Review of Klaus Busch and Tülin Sensan’s Fluid Yoga

Fluid Yoga is a DVD unlike any I have ever seen. Let me tell you why.

But before I do, I should tell you two things. First, I worked with a review copy — I had seen the DVD online, found it compelling, and asked to review it for the site. Second, I worked with the program when I wasn’t in shape. I hadn’t been able to do any exercise for a while, so I was not at my strongest.

In fact, I was due to have surgery early the next day, and I wanted to use my body before I couldn’t again for a while. And I chose Fluid Yoga because it seemed different from everything else in my collection.

The DVD was created by and features two Bremen-based yoga teachers, Klaus Busch and Tülin Sensan. It is a thing of beauty. I mean this seriously: it is filmed and edited like a gorgeous documentary, with calming nature shots easing the way into the practice sequences. The instructional segments are filmed in a a dark, sparse studio, but Busch and Sensan are lit well enough that it is always possible to see what they are doing. The film quality is very high definition, unlike anything I’ve seen in an exercise DVD before. And the entire program, all the way through, is accompanied by gentle, unobtrusively beautiful guitar music.

I’m going on about what might seem like superficial things because I love well-crafted work. And if you read this blog, you know I really appreciate it when people take care in making DVDs. I’ll add that while the video is PAL, it has both English and German tracks (as well as music only), and as far as I can tell is region free. I worked with the English track, which is quite good, with only a few tiny nonnative moments.

Now to the practice itself. It’s a little hard to find the right words for it. As you might guess, this is a flowing yoga practice, and it is built around many of the typical yoga poses. But if you are picturing vinyasa yoga, this is not it.

Fluid Yoga has slow, but often quite challenging sequences. Busch and Sensan move like dancers: every placement of the hands or sweep of the arms is done with intention and precision. The quality of the movement sometimes reminded me of tai chi, often of flamenco too. They will often make multiple adjustments to a single position, using breath, soft arching of the back, and spiraling motions to reach different points. The focus seems not to be so much on going deeper into positions as it is on using tiny movements to explore a position’s possibilities.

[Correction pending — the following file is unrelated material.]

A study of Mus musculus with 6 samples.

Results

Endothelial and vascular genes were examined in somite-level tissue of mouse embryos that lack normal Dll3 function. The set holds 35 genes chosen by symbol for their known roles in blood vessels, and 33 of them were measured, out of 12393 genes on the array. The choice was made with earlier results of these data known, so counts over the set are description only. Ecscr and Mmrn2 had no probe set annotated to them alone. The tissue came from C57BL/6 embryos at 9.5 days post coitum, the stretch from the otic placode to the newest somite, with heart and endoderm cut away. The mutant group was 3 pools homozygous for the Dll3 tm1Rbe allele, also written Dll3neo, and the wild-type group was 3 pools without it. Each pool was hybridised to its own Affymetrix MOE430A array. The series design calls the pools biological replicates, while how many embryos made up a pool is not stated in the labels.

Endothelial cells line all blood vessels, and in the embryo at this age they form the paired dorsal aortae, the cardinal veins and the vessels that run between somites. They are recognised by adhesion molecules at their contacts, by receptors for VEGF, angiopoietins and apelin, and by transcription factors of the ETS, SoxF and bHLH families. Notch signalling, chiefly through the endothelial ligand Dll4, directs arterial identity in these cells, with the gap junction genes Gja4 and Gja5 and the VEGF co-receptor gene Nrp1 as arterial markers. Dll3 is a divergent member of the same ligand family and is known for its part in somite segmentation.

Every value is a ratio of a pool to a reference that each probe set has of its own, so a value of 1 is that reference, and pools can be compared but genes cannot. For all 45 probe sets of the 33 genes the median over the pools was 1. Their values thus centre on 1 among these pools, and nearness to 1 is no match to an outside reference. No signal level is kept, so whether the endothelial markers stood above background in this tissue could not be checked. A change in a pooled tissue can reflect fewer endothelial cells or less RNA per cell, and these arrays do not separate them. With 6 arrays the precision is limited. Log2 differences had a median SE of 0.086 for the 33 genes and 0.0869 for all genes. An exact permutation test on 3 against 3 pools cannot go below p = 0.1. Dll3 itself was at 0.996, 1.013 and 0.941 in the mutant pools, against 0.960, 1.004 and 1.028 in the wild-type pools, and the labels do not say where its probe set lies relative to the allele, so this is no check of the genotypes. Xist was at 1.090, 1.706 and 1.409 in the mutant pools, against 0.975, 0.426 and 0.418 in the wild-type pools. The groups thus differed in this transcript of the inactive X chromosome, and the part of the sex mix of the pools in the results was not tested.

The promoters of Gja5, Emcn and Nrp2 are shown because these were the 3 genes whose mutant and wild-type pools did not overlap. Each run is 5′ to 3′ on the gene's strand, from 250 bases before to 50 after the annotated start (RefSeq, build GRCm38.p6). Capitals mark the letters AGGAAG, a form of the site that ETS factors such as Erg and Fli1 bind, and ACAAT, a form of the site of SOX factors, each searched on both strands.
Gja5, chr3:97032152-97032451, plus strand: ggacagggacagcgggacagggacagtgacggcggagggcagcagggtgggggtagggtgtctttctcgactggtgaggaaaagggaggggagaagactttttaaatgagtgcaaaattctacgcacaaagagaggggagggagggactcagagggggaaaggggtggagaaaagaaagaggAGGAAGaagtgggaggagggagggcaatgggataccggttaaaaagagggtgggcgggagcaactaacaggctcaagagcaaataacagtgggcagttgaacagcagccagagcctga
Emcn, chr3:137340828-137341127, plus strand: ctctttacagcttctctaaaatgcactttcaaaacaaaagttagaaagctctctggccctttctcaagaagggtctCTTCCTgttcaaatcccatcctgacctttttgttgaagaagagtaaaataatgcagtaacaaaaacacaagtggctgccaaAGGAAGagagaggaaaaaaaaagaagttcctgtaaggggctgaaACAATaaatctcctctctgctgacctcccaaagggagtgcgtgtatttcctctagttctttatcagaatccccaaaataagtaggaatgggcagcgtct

At first I thought that the programme would be quite easy and passive, or at most challenging in the way yin yoga is. This is not the case. There are sequences that require you to move slowly in a balance, which I suspect will take quite a bit of practice to do halfway as beautifully as the instructors. There were also intense stretches and variations on plow pose.

The 90-minute DVD is composed of a brief Introduction, five practice sequences, a deep guided relaxation, a four-minute Bonus that is essentially a song track with inspiring scenery and yoga poses, and a brief lexicon of yoga terms. The sequences are:

  • Sun Salutation (quite gentle, slow variation on a sun salutation)
  • Half Moon (balancing and standing moves centered on the half moon)
  • Moon Salutation (plow pose, shoulder stands, and boat pose variations)
  • Forward Bends (seated forward bends with lots of tiny variations that get a very deep stretch)
  • Lying Trees (variations on tree pose lying down, intense leg stretches)

Every practice sequence is done fully on one side, then on the other side. I sometimes found myself with my back to the screen when I was doing the practice for the first time, so next time I will check which way I should face when I begin. In general, it would be a good idea to watch this video before working with it, since it is so different from other programs.

My favourite sequences were the forward bends and the lying trees, as they reminded me of the kinds of exercises I’ve done in ballet classes and stretch programs. My least favourite was the moon salutation. I usually love shoulder stands, but in this case the lengthy time spent in plow pose made my nape sore for a few days. (Take it easy when you do this, is my advice.)

Overall, Fluid Yoga was a deeply enjoyable practice. The beautiful music and cinematography were soothing, and made it feel more like a meditative dance than like a workout. Whereas in regular yoga practice I often want to push deeper into stretches, with this DVD I felt motivated to emulate the instructors’ graceful, soft movements. It’s a DVD to grow into too, with balances that are surprisingly challenging because done so slowly.

I would recommend Fluid Yoga to anyone who wants to be transported while doing yoga, or who is looking for programs that focus on precise movements and subtle modifications. I would also very highly recommend it to anyone who dances. The core work and stretches are precisely the kind dancers need, and the aesthetic makes yoga feel like dance.

I mentioned at the start of this post that I did this program as my last bit of exercise pre-surgery. Doing Fluid Yoga that night really felt like a gift to myself. It allayed much anxiety, helped me feel at home in my body, and helped me sleep well. I’m looking forward to continuing the exploration.

You can find Klaus Busch and Tülin Sensan’s website here.